A huge increase in data generation, data capture and data storage combined with significantly increased computing power is providing insurers with a unique opportunity to re-evaluate the value that their data can provide.
Enabling actuaries to embrace modern day technologies and data science tools and to work closely with other experts in these fields are important links that could give strategic advantages to insurers in the further development of insurance.
For actuaries the rise of data at large is a sign that their role is more crucial than ever. Looking forward, the actuary will continue to evaluate key sources of data and need to find ways to incorporate data science that uses state of the art machine- learning and other technologies together with the actuary’s business insights. We need to refresh our methods and make use of emerging technological advances.
Join us for a recorded panel discussion to explore: Where do actuaries fit within the data science and technology picture?
We will be covering, among other:
- What are the skills actuaries need to learn to take advantage of the exponential increase in data?
- Are data scientists and the rise of big data, ML and AI a threat to the actuarial profession
- How best can the two communities work together?
- What other opportunities does this open for actuaries outside of insurance?
A huge increase in data generation, data capture and data storage combined with significantly increased computing power is providing insurers with a unique opportunity to re-evaluate the value that their data can provide; and the technologies available to do that.
Methods used in non-life pricing are evolving at a fast pace and more advanced actuarial and statistical techniques are being used in pricing, competition analysis and profitability analysis.
How can life insurers address low persistency? How can data and analytics help? Join our webinar on Friday 12 March 12pm as we discuss how the full cycle of actuarial analysis is evolving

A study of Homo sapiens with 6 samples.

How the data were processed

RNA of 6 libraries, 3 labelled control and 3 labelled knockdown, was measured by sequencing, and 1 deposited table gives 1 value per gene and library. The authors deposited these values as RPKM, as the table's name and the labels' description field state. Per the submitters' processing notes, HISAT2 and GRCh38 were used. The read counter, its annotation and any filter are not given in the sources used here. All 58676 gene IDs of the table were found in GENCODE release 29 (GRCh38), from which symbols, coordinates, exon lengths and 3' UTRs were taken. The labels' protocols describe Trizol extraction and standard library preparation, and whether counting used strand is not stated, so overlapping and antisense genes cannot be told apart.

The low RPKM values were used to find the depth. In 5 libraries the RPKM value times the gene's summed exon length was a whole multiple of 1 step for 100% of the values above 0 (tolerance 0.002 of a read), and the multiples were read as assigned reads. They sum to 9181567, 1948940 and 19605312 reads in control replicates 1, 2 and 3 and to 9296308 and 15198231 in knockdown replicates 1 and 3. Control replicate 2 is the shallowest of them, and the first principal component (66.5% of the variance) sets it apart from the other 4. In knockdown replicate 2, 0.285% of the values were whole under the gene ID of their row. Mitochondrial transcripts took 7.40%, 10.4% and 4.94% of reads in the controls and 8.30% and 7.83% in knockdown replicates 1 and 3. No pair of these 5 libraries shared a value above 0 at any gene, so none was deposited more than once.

Improvements in computational power has given rise to the use of data science and artificial intelligence techniques in a wide variety of areas, including finance, driverless cars, image detection, speech recognition etc. This is directly impacting business practices within the financial services through its application within banking, insurance and asset management.
In the current economic climate, insurers need to improve their processes continually – making them more efficient and cost-effective while maintaining the agility to deal with new requirements. At the same time, technological change is providing new ways of achieving these objectives. In particular, the term ‘robotics’ appears to be used everywhere, and it is important to grasp the impact and potential use of these new technologies.
Listen to Valerie du Preez, founder and Managing Director of Actuartech, on the panel for Legerity's IFRS 17 webinar discussing, "Can IFRS17 help deliver digital transformation?".
In a world of high volume and varied datasets, data science techniques can add valuable tools to an actuary’s toolkit to provide actionable insights from data.
Sophisticated machine learning models have the potential for high predictive accuracy but their complexity may sometimes result in black box models, which, in some cases, may appear to be a trade-off between accuracy and interpretability.